Recipe: pasta carbonara
The other day as I was wrapping up a product shoot, I noticed Kaweah lying on the floor next to a light stand, looking bored. I walked over to stroke her silky ears and she casually lifted her front paw asking for a belly rub. Kaweah was in a mellow mood, which used to be a rare thing but is now the norm. Instead of putting the studio gear away, I pulled the background down to the floor and coaxed the dog over with treats. I need to remind myself to do this more often while she’s still with us. It’s so easy to get busy and tell yourself that you’ll do it later, and then one day… later is just too late.
she reminds me of a plush toy sometimes
kaweah got bored
We took care of house things on Saturday which involved lots of running up and down the stairs to do laundry, to seal the driveway before the next snow storm, to consolidate our recycling and trash to take to the dump, to move our deck furniture into the basement until summer. That sort of house stuff. Kaweah, in her old age, no longer likes hearing loud sounds (despite being mostly deaf). She also dislikes seeing furniture or large appliances moved about. And it makes her nervous when we go in and out of a room too much. So after getting wigged out for most of Saturday and hiding in the office, she finally emerged when I started making dinner.
pasta carbonara: linguine, olive oil, pepper, parmigiano-reggiano, eggs, pancetta, salt
Yes, leave it to cured pork (or any meat) to pique Kaweah’s interest. Truth be told, I was interested too. I’ve never made pasta carbonara before. It’s something I have seen and heard praises about for eons, but I had never even tasted it. Pasta carbonara had been sitting on a long list of dishes I wanted to make and/or try. I had no idea it was so simple.
dice the pancetta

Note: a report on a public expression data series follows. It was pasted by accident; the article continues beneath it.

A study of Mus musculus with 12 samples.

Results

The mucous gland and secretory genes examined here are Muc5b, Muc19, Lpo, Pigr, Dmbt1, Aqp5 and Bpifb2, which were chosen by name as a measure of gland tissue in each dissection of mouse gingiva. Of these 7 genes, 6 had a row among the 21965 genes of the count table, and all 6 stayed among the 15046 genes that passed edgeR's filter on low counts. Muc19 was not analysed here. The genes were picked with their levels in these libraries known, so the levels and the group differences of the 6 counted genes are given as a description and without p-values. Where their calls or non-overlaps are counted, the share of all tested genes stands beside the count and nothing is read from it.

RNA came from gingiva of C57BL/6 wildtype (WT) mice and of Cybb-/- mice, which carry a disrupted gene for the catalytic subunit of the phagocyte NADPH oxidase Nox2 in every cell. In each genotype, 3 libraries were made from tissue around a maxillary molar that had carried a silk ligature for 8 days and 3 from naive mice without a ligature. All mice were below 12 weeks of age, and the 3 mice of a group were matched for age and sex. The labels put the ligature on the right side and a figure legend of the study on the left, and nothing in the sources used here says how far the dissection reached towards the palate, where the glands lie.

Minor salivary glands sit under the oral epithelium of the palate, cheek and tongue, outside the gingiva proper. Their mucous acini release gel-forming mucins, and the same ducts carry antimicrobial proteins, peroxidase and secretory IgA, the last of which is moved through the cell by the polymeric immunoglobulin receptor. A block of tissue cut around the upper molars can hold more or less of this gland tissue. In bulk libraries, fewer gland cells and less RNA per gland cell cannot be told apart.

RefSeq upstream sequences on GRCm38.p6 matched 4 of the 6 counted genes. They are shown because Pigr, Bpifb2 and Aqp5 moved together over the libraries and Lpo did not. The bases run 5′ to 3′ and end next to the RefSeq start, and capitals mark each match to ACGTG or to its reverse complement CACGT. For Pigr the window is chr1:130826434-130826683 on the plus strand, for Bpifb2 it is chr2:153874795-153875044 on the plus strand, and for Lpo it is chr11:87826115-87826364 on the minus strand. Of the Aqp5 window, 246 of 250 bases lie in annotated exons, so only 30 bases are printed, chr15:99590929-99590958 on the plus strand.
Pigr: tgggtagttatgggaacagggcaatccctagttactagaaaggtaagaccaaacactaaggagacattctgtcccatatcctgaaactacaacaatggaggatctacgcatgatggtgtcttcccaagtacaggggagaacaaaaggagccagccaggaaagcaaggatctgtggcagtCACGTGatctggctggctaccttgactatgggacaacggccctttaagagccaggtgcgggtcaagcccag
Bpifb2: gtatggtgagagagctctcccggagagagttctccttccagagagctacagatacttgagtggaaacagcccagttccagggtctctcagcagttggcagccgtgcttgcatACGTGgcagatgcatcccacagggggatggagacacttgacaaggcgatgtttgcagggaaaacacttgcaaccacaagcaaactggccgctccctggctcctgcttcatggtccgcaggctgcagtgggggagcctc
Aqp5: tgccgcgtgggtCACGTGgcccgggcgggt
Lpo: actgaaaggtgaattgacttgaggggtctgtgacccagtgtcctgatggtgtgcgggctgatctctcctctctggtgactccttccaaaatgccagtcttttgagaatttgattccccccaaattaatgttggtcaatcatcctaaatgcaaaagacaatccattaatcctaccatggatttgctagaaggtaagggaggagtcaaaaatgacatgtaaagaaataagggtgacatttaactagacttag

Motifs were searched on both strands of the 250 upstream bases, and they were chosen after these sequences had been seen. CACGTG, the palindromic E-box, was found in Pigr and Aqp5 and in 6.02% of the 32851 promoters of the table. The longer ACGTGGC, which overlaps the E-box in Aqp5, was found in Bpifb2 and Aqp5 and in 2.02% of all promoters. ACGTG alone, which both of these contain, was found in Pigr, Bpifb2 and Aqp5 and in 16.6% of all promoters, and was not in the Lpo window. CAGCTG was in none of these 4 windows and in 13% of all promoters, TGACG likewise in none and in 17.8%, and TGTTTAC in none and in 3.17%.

grate the cheese
Originally, I intended to make a full recipe which serves four, but wound up buying half the amount of pancetta I needed because I got two recipes mixed up in my head. This was actually a good thing, because pasta carbonara doesn’t reheat well. It’s one of those dishes that is best eaten fresh. I wound up making enough for the two of us.
place the olive oil and pancetta in a frying pan
brown the pancetta, but don’t fry it to a crisp
whisk the eggs, cheese, and pepper together
the egg-cheese mixture should become thick and creamy
Another thing about this pasta carbonara… it needs to come together quickly. So have your mise en place ready because timing is important. Get the pot of salted water on the stove to boil. Fry the pancetta. Whisk the eggs and cheese and pepper together. As soon as the pasta is just shy of al dente, reserve a cup of pasta water, drain the pasta, and place the pasta in the frying pan with the pancetta. Whisk a quarter cup of the pasta water into the egg mixture. Pour the egg over the pasta. Toss it all together. You can imagine what a nightmare this was to shoot with Kaweah underfoot in her undying devotion to pork.
place the pasta in the frying pan
whisk some pasta water into the egg mixture
pour the sauce over the pasta
toss to coat
Rich, decadent, salty, creamy. If you fear raw eggs, they say the heat of the pasta is supposed to cook the eggs in the sauce, which explains why the pasta has to be added right after draining. But water boils at a lower temperature the higher you go in elevation, so keep that in mind. We thought this was especially delightful with a glass of bubbles (bubbly tends to do well with salty and creamy). It’s not a good make-ahead meal because it doesn’t reheat well, but pasta carbonara is quick to prepare and an indulgence to be eaten hot.
quick and decadent
from Fine Cooking
1 lb. dried spaghetti or linguine (or 24 oz. fresh)
2 tbsps kosher salt
1/2 lb. pancetta or guanciale, diced into 1/4-inch cubes
2 tbsps extra virgin olive oil
3 large eggs, room temperature
4 oz. Parmigiano-Reggiano (about 3 1/2 cups)
black pepper, freshly ground
flake salt to season
Bring 8 quarts of water and 2 tablespoons of kosher salt to a boil in a large stock pot. Boil the pasta just shy of al dente. Reserve 1 cup of the pasta water and drain the pasta. While you wait for the water to boil, place the olive oil and the pancetta or guanciale in a skillet (NOT cast iron) and cook over medium heat. Stir the meat occasionally to bring it to a golden brown, but don’t render all of the fat and fry it to a crisp. The guanciale should take about 3-5 minutes. Pancetta takes 5-7 minutes. In a medium bowl, whisk the eggs, cheese, and 1/4 teaspoon of freshly ground black pepper together until combined. Whisk in a slow stream of 1/4 cup of the pasta water into the egg mixture. As soon as you drain the pasta, place it in the skillet with the pancetta or guanciale. Pour the egg mixture over the pasta and toss everything with tongs until the pasta is completely coated with sauce (about 15 to 30 seconds). Add more pasta water if necessary to achieve a creamy constistency. Serve hot with black pepper. Serves 4.